Governor Brown’s Proposition 30 proposes benefiting California schools by means of seven years of
K-12 public schools in California have already experienced $20 billion of cuts in the past four years, which amounted to the state laying off 30,000 teachers. This was the most in the U.S. during that time-frame.
The official California voter guide says that, “Schools and community colleges could respond to this cut in various ways. Drawing down reserves, shortening the instructional year for schools, and reducing enrollment for community colleges.” Since the 2008-2009 academic year, community colleges have experienced a 17% drop in enrollment. If teachers continue to lose their jobs, the enrollment will continue to fall.
San Diego city college district is reporting that if proposition 30 does not pass, 700 classes will get cut district-wide. Los Angeles city college districts would also have to cut classes.
It doesn’t just affect community colleges. California State and University of California campuses will receive $125 million from the state if proposition 30 passes. This would lead the trustees to consider rescinding the proposed 9 percent tuition hike. CSU schools are holding off on admission decisions until after the election.
Los Angeles Times reported that prop 30 does a better job taking care of the schools than prop 38 does.http://www.latimes.com/news/opinion/endorsements/la-ed-end-prop-30-prop38-20121002,0,2923644.story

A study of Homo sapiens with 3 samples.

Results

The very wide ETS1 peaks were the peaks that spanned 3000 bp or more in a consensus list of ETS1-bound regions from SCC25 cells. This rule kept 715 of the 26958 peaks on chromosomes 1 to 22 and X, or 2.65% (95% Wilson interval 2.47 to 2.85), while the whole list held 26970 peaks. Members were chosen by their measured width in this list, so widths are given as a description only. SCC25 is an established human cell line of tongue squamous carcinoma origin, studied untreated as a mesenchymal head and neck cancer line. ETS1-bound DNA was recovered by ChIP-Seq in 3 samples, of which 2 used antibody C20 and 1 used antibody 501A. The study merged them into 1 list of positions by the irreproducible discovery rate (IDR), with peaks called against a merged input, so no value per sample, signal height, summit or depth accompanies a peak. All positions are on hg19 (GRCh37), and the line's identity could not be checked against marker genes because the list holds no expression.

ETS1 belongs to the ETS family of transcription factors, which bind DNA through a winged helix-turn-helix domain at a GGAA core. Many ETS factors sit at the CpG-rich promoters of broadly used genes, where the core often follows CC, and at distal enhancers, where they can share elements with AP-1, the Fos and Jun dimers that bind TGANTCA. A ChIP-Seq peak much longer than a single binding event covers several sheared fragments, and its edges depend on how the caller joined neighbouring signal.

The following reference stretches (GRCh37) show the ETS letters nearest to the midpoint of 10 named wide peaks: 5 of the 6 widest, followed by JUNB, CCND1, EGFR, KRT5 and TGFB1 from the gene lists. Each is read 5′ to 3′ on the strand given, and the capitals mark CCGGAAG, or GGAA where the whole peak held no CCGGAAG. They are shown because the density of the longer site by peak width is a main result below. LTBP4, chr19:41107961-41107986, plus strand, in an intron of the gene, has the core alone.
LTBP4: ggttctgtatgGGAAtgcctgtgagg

The Community College Association is urging voters to vote no on prop 38 because the funding to community colleges is threatened by the bill. This is because if prop 38 is passed, the funding for prop 98 would be permanently suspended once the funds for K-12 education reach the national average. This means that the Cal-Grant program is threatened.http://archive.cta.org/HigherEducation/v36n1/article_3.htm
Molly Munger is the primary advocate of proposition 38. Prop 38 suggests a tax increase on earnings using a sliding scale for twelve years. This prop is estimated to raise an additional $10 billion annually.
Revenues go directly to the K-12 school systems and early childhood programs. In the case of prop 38, the money goes directly to the schools and allows that school’s administration decide what to spend the money on.
Legislature does not touch the money allotted for prop 38, but each school district is held accountable for accomplishing their improvement goals. School districts are required to report how the money was spent and whether or not the goals were met.